THE IRISH people are paying the price for the Government’s decision not to negotiate a debt write-off from the EU, the leader of the UK Independence Party, Nigel Farage has declared.
Speaking in Skegness, Mr Farage said the Irish had accepted an “austerity package and taken the pain”, yet they now see the Greeks “being let off half their debt”.
“I would be pretty cheesed off if I was Irish, I would be saying, ‘Hang on, we have played by the rules’,” said Mr Farage, who said he would support the No campaign during the upcoming referendum.
Supporting Minister Joan Burton’s demand for a cut to the repayments due on Anglo bank promissory notes, he said the Government’s decision not to seek such cuts “surprises me”.
“The whole point about the EU is that you only get your way if you threaten things. The French have shown that time and time again.
“You have to be very, very hard in the councils of Europe, it is the only way that you are going to be listened to, so, yes, they potentially had a very good bargaining chip,” he went on.
Though supportive, the UK Independence Party leader said Irish “No” campaigners must first decide on their aim in the campaign to come, he suggested: “The No side is going to need to think very carefully about what it is asking no to.
“Is it saying no to the terms? Is it looking for a renegotiation of the interest rates and the current terms of the bailout? Is that what the No side is trying to achieve? Or is it going to become a much bigger referendum and effectively become about Ireland’s membership of the euro?”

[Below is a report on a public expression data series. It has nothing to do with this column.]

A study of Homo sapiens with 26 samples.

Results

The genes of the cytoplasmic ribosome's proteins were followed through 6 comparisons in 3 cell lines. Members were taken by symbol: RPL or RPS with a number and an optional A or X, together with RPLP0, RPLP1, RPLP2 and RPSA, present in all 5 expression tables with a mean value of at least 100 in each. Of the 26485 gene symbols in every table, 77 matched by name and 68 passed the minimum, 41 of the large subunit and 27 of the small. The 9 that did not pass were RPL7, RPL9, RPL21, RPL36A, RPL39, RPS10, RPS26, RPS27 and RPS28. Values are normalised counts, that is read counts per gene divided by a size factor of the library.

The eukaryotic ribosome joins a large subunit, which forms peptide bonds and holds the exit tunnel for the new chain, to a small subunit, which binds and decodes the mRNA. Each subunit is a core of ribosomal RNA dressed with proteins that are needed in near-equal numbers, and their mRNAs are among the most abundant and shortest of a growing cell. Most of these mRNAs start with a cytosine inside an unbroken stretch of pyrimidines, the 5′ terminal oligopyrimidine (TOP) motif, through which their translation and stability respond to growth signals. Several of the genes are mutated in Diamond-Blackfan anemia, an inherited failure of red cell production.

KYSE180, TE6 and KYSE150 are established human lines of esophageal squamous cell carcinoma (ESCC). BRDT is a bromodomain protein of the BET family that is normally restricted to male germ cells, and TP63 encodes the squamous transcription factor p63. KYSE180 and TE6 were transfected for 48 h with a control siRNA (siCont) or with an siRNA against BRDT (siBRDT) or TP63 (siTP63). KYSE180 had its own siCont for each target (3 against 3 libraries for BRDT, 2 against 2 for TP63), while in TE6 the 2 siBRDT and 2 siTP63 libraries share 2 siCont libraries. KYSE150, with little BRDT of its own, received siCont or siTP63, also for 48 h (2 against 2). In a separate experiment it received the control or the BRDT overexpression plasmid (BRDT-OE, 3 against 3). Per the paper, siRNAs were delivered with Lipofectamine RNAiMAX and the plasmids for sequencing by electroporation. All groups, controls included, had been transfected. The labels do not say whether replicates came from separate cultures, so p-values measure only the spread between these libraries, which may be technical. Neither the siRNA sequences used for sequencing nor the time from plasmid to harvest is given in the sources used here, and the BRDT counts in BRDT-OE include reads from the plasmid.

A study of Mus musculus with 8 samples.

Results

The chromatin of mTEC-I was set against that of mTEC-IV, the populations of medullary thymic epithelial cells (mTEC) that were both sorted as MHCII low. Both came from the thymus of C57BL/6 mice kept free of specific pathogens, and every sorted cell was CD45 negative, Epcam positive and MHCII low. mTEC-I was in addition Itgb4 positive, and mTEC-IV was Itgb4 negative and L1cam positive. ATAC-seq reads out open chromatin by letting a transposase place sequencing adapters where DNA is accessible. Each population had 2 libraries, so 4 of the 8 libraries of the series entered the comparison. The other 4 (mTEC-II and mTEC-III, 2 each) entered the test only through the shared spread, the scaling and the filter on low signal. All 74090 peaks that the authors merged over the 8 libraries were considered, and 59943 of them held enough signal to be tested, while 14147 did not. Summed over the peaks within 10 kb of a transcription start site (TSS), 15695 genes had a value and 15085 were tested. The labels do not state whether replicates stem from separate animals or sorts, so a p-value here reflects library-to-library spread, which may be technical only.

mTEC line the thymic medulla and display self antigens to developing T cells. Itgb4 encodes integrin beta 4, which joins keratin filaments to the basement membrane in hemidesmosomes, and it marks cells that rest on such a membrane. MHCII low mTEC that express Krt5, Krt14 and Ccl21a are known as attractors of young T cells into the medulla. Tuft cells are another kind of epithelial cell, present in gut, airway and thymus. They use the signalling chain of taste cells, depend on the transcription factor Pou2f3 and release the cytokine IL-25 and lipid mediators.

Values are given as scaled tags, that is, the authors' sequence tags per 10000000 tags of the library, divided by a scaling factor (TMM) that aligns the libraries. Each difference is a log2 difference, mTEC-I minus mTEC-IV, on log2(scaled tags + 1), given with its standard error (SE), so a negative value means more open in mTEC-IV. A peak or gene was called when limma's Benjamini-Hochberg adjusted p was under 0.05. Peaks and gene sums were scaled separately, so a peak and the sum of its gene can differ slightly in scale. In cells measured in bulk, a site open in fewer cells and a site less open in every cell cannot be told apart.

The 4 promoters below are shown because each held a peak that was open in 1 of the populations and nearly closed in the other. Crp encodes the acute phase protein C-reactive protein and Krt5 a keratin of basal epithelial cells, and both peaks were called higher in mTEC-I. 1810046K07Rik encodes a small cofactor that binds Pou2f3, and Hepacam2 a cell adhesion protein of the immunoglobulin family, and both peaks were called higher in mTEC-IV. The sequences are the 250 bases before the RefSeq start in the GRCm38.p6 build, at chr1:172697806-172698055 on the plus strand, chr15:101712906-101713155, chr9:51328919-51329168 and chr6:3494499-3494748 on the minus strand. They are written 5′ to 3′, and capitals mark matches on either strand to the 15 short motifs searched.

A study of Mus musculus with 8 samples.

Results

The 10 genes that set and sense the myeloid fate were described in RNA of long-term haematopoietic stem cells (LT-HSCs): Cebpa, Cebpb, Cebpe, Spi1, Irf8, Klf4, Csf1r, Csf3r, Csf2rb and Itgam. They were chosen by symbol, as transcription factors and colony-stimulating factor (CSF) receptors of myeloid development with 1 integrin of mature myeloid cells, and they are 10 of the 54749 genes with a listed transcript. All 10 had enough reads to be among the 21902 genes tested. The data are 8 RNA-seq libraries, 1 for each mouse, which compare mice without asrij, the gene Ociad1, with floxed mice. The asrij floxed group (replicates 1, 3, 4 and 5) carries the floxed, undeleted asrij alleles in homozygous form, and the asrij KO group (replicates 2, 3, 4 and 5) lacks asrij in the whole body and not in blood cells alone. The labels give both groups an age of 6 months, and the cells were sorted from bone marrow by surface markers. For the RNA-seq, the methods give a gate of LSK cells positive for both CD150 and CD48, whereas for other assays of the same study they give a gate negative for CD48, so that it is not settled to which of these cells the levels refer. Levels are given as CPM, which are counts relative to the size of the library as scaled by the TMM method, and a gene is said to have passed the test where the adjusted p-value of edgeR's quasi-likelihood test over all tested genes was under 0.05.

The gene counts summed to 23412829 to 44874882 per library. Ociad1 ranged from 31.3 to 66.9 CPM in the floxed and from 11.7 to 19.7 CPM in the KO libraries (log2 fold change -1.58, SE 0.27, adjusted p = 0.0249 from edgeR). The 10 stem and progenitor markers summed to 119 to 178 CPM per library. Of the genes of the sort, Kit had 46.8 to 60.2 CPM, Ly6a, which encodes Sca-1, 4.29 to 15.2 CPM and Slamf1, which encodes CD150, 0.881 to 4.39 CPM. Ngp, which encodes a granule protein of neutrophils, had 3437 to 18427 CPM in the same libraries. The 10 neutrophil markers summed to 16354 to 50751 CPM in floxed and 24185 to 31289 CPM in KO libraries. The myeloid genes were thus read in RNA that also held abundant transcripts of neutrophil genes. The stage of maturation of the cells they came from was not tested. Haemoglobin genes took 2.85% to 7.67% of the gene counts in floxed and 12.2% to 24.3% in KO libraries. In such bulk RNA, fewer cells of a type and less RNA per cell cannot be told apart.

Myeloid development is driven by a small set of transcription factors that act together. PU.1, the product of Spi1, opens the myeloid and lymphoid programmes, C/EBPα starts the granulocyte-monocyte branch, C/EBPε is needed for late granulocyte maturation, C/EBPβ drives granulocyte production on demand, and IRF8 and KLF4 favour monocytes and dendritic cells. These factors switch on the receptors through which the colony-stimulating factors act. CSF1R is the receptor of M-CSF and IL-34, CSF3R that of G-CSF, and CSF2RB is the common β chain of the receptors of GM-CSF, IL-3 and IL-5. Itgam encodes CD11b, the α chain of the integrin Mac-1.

In an earlier speech to the Ukip spring conference, Mr Farage said the party will “help the No campaign in Ireland, too”, possibly by repeating its pamphlet campaigns as it did for the Lisbon and Nice treaties.“In Lisbon One, what we did had an effect because they were quite abusive about me. I am wanting to help the No side, because it seems to me, in terms of funding and everything else, it will be completely unfair again. I want to help the No side, but I have to see who the No side is.”
He expressed surprise at anti-Lisbon Treaty campaigner, Declan Ganley’s recent comments: “It seems that [he] is not going to take part in it, or is undecided.
“I have been surprised by many things Declan Ganley has done over the last year, or so. We thought that Declan Ganley was this pro-European eurosceptic. Then, [we had] the pronouncements the other week that actually we should be moving on to a bigger political union.
“It seems to me that Mr Ganley has changed his mind and I am a bit surprised by that.”
Despite public declarations of calm in Brussels, he said some of the high priests of the project were worried when they spoke on the margins of last week’s EU summit in Brussels.